It's fun to identify with the hero who gets superpowers or magical privileges, but it's pretty galling in real life. I mean, look at who's being presented with the Enchanted Sword of Destiny right now, while the rest of us get short-handled shovels... Jared Kushner.



Thu Jun 15, 2017 5:16 pm


And doesn't Perseus just get free stuff (which he almost immediately loses) because of who his dad is? Greek myths may not have been bothered much by morality, but I guess there's a certain honesty to that.



Connections. It's always connections.

But there are many, many other objects of power passed on that get you where you want to go. Has anyone but me read My Father's Dragon?

Perseus. The latter got no less than five empowering artifacts to aid his quests, though to be fair they were only loaned to him temporarily.


If one takes the Harryhausen movie into account, Perseus not only gets - and almost immediately loses - all of the super-artifacts save for the golden owl, but he also benefits from divine second wind when he crawls into the arena on the eve of Kraken day, then collapses, only to be instantly revived by Zeus. Whose gonna lose with that kind of support?

It would seem that the ancients were much more into Fate as a blind force. The great American myth, of course, is that you deserve what happens to you. Not much truth to either view.


I'm not sure that they see Fate as blind. I know in the Iliad there's a real undercurrent of "People who look powerful, beautiful and important are" and the one guy who objects to their rule and decisions is literally deformed. Of course, Odysseus is the one exception, he's not much to look at, but then he is (outside of the Odyssey) often a villain or at least not a very nice guy. There's also a fair amount of sins coming home to roost in various myths.

The "your dad was secretly X god" story was certainly very popular. I wonder if in a world with hereditary nobility such stories are more important because they allow the occasionally peasant who makes good to have a place based on imagined heritage.

supersonic man wrote:
Perseus. The latter got no less than five empowering artifacts to aid his quests, though to be fair they were only loaned to him temporarily.


If one takes the Harryhausen movie into account, Perseus not only gets - and almost immediately loses - all of the super-artifacts save for the golden owl, but he also benefits from divine second wind when he crawls into the arena on the eve of Kraken day, then collapses, only to be instantly revived by Zeus. Whose gonna lose with that kind of support?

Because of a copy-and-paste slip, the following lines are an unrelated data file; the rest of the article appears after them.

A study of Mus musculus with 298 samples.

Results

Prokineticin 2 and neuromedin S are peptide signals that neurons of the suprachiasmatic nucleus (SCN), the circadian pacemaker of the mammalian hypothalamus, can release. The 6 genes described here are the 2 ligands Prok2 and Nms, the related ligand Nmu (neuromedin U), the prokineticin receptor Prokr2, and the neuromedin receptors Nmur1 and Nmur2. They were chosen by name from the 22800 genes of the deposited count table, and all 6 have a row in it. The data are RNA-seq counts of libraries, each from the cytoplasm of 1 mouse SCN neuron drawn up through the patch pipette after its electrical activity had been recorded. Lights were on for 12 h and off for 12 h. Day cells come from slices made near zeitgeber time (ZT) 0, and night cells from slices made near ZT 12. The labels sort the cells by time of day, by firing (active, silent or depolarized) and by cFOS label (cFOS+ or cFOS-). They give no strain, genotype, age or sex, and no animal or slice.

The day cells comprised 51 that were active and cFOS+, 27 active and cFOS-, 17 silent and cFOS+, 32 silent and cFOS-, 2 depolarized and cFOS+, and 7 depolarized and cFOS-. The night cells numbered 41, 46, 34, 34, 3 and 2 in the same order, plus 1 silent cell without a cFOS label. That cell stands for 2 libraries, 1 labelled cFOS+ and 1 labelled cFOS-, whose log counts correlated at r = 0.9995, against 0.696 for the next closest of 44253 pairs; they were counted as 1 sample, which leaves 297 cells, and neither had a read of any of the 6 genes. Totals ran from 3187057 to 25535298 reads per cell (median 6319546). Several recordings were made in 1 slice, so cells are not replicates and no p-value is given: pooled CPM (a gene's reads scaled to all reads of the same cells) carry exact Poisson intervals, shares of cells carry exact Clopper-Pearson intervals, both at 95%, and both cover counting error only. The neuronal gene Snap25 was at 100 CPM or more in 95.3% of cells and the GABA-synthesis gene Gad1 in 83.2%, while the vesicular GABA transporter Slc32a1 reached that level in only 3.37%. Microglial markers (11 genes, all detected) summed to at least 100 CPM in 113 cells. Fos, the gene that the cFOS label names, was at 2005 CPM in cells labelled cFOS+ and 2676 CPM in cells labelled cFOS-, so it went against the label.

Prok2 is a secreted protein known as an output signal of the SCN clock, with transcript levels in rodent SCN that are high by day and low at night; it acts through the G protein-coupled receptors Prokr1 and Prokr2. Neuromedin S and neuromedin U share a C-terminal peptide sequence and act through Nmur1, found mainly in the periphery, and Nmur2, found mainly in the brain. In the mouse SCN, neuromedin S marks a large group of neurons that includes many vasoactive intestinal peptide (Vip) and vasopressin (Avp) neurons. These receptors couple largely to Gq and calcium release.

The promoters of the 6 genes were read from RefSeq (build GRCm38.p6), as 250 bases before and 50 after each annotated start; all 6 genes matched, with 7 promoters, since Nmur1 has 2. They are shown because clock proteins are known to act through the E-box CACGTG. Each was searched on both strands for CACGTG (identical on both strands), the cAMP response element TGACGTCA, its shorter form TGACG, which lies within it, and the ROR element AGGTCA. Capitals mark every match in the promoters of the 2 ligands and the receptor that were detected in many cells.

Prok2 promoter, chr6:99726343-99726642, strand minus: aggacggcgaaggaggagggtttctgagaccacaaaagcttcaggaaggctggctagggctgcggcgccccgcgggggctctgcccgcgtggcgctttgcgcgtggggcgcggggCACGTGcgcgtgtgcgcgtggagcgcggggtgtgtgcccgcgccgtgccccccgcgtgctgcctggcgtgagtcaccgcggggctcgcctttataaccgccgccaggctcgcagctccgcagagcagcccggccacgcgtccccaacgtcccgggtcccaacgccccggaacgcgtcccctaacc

Should we really be taking into account the account of Greek myth that includes a much later Norse monster?

Victoria Silverwolf wrote:
It would seem that the ancients were much more into Fate as a blind force. The great American myth, of course, is that you deserve what happens to you. Not much truth to either view.


I'm not sure that they see Fate as blind. I know in the Iliad there's a real undercurrent of "People who look powerful, beautiful and important are" and the one guy who objects to their rule and decisions is literally deformed. Of course, Odysseus is the one exception, he's not much to look at, but then he is (outside of the Odyssey) often a villain or at least not a very nice guy. There's also a fair amount of sins coming home to roost in various myths.


I'm not sure how far back it goes, but the 'wheel of fortune' mindset was prevalent in 11th-12th century, the period in which the Carmina Burana was written. You can glean a lot of this mentality from the translation of 'O Fortuna:'

Quote:
O Fortune, like the moon you are changeable, ever waxing and waning;
hateful life first oppresses and then soothes as fancy takes it;
poverty and power it melts them like ice.

Fate – monstrous and empty, you whirling wheel, you are malevolent,
well-being is vain and always fades to nothing, shadowed and veiled you plague me too;
now through the game I bring my bare back to your villainy.

Fate is against me in health and virtue, driven on and weighted down, always enslaved.
So at this hour without delay pluck the vibrating strings;
since Fate strikes down the strong man, everyone weep with me!




Mon Jun 19, 2017 6:05 pm
I mean, look at who's being presented with the Enchanted Sword of Destiny right now, while the rest of us get short-handled shovels... Jared Kushner.


But isn't the acquisition of magical weapons supposed to help right wrongs and overthrow the wicked despot? Now would be the time for one of the worthy to rise up from amongst us, discover the enchanted Morningstar of Wrath, and take ol' Jared right out.


Failing that, twenty wielders of short-handled shovels can probably beat any one swordsman.


The 20 Shovelers of Napa Valley Meet The Shogun's Samurai


Of course, in that case, I had a long handle.